SPRINGFIELD, Ill. (AP) - With state budget cuts looming in the coming year, law enforcement officials from across Illinois made a case Thursday for more funding, but it wasn’t a request to funnel more dollars into their own departments.
A group of about a dozen police chiefs, sheriffs and state’s attorneys asked lawmakers to maintain or increase funding for child and youth programs. They say it’s an effort to be on the “front side” of crime by supporting kids before they enter a life of crime.
“Once kids start down this path, they very rarely deviate,” said Tyler Edmonds, a state’s attorney from Union County in southern Illinois. “They end up encountering the juvenile justice system and soon after that, they end up in criminal court and, ultimately, in prison.”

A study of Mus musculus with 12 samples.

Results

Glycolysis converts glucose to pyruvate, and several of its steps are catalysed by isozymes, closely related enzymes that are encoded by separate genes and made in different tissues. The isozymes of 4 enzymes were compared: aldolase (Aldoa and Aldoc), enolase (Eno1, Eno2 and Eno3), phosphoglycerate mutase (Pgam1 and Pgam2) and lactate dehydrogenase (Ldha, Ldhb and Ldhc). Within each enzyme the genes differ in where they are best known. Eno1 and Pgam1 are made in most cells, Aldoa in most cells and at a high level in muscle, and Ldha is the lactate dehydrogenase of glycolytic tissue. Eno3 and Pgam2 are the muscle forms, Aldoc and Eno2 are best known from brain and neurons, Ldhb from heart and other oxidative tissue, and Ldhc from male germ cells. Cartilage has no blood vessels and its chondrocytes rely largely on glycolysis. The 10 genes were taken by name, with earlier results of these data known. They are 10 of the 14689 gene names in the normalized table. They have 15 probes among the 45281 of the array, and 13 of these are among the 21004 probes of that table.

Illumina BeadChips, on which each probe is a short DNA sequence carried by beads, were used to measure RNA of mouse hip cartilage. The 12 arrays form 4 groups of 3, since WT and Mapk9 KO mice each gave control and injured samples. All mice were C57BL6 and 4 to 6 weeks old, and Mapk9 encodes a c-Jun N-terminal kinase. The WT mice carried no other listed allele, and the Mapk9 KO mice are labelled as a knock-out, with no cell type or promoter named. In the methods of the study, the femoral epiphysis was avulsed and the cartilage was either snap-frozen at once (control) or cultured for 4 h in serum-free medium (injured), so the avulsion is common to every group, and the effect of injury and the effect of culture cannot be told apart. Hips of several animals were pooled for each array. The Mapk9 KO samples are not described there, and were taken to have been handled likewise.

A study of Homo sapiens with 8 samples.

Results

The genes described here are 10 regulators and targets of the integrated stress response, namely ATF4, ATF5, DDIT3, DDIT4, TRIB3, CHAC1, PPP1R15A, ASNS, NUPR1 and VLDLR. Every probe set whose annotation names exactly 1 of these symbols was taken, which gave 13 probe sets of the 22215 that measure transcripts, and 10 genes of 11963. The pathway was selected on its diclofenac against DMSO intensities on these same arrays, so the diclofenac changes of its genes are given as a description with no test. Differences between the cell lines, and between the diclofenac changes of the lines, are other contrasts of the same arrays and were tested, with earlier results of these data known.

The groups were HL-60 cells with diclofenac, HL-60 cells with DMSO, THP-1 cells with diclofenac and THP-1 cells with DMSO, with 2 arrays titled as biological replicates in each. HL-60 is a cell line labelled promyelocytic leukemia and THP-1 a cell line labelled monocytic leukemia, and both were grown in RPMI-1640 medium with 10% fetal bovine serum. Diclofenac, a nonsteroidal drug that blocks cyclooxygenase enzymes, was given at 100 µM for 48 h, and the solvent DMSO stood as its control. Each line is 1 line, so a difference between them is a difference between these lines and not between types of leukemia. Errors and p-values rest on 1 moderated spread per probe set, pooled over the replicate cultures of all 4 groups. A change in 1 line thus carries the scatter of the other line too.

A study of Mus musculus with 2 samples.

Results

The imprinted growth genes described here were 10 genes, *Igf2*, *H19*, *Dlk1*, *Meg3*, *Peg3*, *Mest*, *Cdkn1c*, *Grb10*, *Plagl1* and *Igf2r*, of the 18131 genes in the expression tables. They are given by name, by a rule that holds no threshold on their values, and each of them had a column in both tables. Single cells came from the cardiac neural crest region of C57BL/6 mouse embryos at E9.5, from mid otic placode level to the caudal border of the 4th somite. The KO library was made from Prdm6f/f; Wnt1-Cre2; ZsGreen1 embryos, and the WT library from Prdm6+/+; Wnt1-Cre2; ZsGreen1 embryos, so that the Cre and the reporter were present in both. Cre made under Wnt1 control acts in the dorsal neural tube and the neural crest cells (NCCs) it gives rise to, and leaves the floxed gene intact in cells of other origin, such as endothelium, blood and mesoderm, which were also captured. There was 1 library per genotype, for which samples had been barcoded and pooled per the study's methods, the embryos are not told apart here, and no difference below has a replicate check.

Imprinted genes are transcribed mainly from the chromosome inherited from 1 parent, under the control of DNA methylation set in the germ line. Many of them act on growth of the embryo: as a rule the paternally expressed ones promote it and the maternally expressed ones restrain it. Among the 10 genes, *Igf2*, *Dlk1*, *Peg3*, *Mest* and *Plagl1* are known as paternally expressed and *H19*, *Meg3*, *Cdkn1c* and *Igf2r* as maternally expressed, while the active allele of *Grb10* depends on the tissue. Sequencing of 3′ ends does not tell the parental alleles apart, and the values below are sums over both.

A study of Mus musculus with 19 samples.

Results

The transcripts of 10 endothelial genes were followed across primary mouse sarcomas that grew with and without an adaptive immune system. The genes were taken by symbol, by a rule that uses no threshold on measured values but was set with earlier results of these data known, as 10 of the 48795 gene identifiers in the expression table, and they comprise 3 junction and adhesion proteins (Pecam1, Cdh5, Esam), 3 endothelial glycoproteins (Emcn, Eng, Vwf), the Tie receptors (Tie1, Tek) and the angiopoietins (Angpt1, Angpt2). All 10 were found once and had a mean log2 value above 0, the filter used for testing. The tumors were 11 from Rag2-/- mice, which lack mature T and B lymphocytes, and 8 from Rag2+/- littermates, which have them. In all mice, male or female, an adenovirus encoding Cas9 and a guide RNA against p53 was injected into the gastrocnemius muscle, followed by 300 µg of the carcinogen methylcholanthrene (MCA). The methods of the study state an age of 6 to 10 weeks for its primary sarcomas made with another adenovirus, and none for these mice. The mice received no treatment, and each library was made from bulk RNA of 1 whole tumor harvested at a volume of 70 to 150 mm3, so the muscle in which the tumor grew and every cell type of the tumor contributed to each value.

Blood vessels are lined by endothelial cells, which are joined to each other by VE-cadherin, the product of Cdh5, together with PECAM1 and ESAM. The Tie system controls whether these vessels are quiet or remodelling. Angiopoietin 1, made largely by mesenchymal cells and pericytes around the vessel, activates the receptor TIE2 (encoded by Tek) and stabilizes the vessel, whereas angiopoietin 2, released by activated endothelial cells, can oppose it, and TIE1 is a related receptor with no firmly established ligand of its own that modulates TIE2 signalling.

As lawmakers have begun their annual process of apportioning state funds in recent weeks, a host of officials from state agencies have made pleas to lawmakers asking them to spare them from cuts.
Officials requested to keep funding flat for early education, home visiting and after-school programs, as well as the state’s juvenile justice Redeploy program, a preventative program which aims to reduce the youth incarceration rate by targeting teens considered “at risk” for behavior that could send them to prison.
State revenues are expected to dip by about $1.5 billion dollars if the temporary income tax increase expires as scheduled in January 2015. A number of Democrats are seeking to keep the increase in place, arguing that cuts would hurt the most vulnerable. But Republicans want the increase rolled back, arguing that they would be better stewards of taxpayer dollars.